Centuries in Smoke: The Origins of the Cigarette
by Edwin Estioko
Only a devil would have smoke come out of his mouth and nostrils.
That was the commonly held opinion of Europe in the 1500's - in a continent and at a time where no one knew what a cigar was and no one had ever puffed on a cigarette.
It also goes someway to explaining the uproar that was to occur when this brutal society first encountered tobacco.
The First Cigar
In the 1500’s, when the Inquisition imprisoned and tortured anyone on the slightest suspicion for witchcraft and devil worship, Rodrigo de Jerez lit and puffed the first cigar in Europe - and people thought he was possessed by the devil.
The Spanish Inquisition put him in jail.
Jerez was a European explorer along with Christopher Columbus, who might have also seen tobacco leaves in one of his journeys, although no historical records suggest that Columbus smoked.
Jerez landed in Cuba and was amazed to see the locals smoking tobacco leaves. It was he who first developed the habit, discovering the joy of smoking during months of lonesome voyages across the vast ocean. He brought heaps of Tobacco leaves to Spain and people learned to smoke while he was in prison for years.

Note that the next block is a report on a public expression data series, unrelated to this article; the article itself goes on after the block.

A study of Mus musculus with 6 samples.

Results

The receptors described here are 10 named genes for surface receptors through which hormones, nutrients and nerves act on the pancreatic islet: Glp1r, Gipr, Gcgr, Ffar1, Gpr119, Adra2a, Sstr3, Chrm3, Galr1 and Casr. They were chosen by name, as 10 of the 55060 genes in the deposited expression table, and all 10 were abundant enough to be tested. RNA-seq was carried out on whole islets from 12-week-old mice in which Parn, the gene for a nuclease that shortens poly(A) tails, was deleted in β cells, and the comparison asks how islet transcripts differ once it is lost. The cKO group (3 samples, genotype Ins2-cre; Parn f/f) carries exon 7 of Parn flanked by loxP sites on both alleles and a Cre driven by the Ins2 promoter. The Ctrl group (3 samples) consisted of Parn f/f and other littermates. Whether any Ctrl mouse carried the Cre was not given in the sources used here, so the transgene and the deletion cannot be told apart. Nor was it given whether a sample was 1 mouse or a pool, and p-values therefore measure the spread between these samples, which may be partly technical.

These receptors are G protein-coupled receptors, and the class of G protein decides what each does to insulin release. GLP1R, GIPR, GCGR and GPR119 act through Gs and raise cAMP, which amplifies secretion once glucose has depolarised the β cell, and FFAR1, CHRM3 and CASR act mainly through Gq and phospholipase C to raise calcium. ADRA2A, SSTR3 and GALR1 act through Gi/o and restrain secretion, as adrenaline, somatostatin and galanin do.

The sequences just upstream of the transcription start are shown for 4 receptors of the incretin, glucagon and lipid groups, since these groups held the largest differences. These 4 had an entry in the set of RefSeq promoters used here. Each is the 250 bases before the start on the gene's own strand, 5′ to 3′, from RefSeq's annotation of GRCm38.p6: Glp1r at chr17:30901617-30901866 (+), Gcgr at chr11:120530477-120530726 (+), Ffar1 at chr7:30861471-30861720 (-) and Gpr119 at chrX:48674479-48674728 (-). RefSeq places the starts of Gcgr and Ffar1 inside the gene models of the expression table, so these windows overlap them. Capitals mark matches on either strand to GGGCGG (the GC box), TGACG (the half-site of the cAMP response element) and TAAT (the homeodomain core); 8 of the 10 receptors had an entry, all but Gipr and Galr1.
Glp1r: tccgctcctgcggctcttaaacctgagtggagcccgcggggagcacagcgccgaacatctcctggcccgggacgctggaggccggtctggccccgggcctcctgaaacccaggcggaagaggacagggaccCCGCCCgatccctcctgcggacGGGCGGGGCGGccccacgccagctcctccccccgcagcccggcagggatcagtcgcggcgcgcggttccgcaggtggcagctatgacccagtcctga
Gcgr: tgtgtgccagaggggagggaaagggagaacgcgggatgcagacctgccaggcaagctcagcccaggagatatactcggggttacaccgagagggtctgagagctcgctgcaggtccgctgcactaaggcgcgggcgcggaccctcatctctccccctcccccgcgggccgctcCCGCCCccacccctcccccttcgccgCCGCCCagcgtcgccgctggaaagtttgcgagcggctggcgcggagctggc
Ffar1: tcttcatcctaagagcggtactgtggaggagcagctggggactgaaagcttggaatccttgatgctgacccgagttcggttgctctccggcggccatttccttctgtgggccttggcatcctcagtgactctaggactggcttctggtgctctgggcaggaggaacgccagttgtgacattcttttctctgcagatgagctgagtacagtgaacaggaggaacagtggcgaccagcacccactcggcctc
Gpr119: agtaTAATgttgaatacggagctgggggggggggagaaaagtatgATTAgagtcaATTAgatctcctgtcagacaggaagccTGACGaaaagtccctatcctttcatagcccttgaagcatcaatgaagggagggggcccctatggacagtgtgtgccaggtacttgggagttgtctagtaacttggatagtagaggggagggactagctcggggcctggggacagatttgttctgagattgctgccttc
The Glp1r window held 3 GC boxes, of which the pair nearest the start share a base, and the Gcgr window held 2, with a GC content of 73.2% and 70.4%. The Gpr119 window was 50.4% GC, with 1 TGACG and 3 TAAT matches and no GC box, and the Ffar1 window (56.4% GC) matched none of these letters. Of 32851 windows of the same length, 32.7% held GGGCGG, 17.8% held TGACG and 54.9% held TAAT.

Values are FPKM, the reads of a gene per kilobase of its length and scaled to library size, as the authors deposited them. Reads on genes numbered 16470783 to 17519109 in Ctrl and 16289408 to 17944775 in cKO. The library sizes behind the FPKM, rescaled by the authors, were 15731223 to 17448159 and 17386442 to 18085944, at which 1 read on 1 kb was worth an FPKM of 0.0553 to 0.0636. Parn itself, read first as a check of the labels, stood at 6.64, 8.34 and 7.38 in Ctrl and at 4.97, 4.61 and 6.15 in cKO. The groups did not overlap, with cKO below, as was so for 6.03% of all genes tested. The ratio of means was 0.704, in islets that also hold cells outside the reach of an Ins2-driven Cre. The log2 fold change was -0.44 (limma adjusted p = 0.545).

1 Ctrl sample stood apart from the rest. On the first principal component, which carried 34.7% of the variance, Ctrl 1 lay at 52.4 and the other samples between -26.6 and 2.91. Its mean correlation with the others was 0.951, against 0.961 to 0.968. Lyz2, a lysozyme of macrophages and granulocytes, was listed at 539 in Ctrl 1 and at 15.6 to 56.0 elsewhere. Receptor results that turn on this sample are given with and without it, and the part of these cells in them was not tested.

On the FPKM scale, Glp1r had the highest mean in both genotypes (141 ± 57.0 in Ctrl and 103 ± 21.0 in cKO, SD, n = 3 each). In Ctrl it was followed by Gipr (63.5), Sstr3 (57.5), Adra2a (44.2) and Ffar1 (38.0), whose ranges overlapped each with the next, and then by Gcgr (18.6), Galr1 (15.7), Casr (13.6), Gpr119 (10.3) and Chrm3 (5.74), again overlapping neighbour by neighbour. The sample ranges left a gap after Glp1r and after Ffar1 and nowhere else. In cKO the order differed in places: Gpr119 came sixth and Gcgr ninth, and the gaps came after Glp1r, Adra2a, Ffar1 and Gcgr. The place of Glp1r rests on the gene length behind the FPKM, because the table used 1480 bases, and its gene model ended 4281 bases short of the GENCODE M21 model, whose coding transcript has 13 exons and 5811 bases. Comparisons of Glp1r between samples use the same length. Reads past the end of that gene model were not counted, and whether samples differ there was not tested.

Studies suggest that it was the Mayans who brought tobacco leaves and plants to Cuba and other countries in North and South America. They probably learned to chew and smoke tobacco leaves and mixed them with herbs for medicine as early as 1000 BC. The tobacco plant was a precious treasure for the civilization’s necessity and pleasure.
The pleasure it gave to man also caused it to spread, arriving in Central America around 6000 BC.
The Tobacco Plant Spreads
In the 1530’s, Europe began to colonize countries in the Caribbean which grew tobacco. Slowly and steadily, smoking was growing into large business.
However, it was several decades later before smoking became one of the most popular habits of the average European man. For this we owe thanks to Sir Walter Raleigh, a businessman who was able to bring tobacco smoking in the court of Queen Elizabeth I.
Raleigh travelled to the United States in 1586 and saw the huge tobacco plantations in Virginia, learning to smoke using a clay pipe from his friend, Ralph Lane, who was then the governor of Virginia. He introduced the pipe in the European market and became an instant hit.
Over the years, many Europeans travelled to Virginia and Americans to Europe to engage in this very lucrative venture. The Americans introduced the clay pipe which became very popular in Europe and France.
Today, millions of people around the world have smoking mouths and nostrils and millions of dollars worldwide are cashed in. The world has come long way since Jerez lit that first cigar in Spain and yet, today, many people still think smoking is the devil's own habit.